Richmond was once a strong little community
Richmond is a small ghost town nestled between the breaks of the John Day River and Baldy Mountain. It is located between Mitchell and Service Creek.
It was once a prosperous and thriving community. A post office named Waldron had first been established near the site of Richmond in 1879, but it was later discontinued in 1902. A post office was established at Richmond in December 1899, and mail from Waldron was moved to Richmond in 1902.
The Shoofly country was settled in the 1880s, and several settlers were located in the vicinity. Some of the first settlers in the area were the Gilliam, Donnelly, Keyes and Walters families.
It was decided by local residents that they should have a town to meet the needs of the growing population. Construction of a school was one of the first priorities, but where to place it became a heated issue between William Walters and R.N. Donnelly.
Donnelly called Walters "Jeff Davis" because of his rebellious attitude, and he suggested that the name of the new town be Richmond, linking Walters' temperament and nickname with the capital of the Confederacy.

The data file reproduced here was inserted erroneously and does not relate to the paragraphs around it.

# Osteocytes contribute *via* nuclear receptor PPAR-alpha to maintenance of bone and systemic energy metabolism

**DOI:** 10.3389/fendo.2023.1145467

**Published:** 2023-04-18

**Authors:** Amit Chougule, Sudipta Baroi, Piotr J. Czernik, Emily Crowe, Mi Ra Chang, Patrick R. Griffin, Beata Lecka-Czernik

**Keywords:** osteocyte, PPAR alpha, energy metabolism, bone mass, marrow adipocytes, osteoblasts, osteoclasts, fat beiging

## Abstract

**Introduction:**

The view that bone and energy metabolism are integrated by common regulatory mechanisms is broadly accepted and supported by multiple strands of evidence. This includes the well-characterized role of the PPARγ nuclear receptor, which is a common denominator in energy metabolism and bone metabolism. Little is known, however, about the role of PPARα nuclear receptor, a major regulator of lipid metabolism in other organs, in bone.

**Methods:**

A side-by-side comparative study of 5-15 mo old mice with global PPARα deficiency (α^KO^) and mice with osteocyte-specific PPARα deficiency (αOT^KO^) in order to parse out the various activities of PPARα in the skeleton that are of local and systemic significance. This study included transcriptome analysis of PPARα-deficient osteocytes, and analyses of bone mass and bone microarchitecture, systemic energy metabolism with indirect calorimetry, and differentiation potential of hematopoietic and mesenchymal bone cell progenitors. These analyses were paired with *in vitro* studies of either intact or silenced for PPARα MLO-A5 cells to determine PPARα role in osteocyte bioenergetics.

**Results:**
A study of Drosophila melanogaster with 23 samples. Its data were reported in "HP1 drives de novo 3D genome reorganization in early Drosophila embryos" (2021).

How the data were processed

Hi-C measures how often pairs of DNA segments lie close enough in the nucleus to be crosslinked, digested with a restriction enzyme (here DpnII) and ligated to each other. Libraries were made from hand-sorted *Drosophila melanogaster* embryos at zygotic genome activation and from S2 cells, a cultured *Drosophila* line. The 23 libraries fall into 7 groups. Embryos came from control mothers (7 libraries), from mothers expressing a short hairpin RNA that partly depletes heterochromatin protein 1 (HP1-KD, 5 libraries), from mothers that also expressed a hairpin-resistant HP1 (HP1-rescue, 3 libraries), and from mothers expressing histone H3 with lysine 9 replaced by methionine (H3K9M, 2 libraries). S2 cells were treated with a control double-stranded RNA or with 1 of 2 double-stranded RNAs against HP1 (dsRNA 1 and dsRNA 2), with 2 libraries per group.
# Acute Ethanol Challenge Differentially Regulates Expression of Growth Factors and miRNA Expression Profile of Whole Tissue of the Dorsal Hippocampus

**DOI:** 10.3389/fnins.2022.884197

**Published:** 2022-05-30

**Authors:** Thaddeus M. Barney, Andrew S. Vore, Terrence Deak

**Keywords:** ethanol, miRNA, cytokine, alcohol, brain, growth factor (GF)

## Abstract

Donnelly had served as a senator in the State Legislature from Grant County and led the effort to create Wheeler County in 1899.
The new community soon began to grow and boasted of a store, livery stable, a hotel, a church, a school and several residences. It served as the business center for the Shoofly country and was a major sheep growing center.
It became one of the key communities in newly created Wheeler County and even hosted an annual meeting of the Wheeler County Pioneer Association in 1901. It was a gala affair that lasted a week and was attended by 450 people.
The need for a town had arisen from the long distances from freighting points that took a long time to get goods to the locality. But as time passed and motorized vehicles moved freight in a timely manner, the town began to fade. The declining sheep industry also led to a decline of residents, and as people left abandoned buildings remained. The post office was finally discontinued on June 30, 1952.
The once prosperous little community had become a ghost town. Many of the original buildings still remain standing, and it is one of the few once thriving towns in Eastern Oregon to still have memorials to the splendors of the past.
Steve Lent is a local historian and assistant director of the Bowman Museum. He can be reached at: 541-447-3715.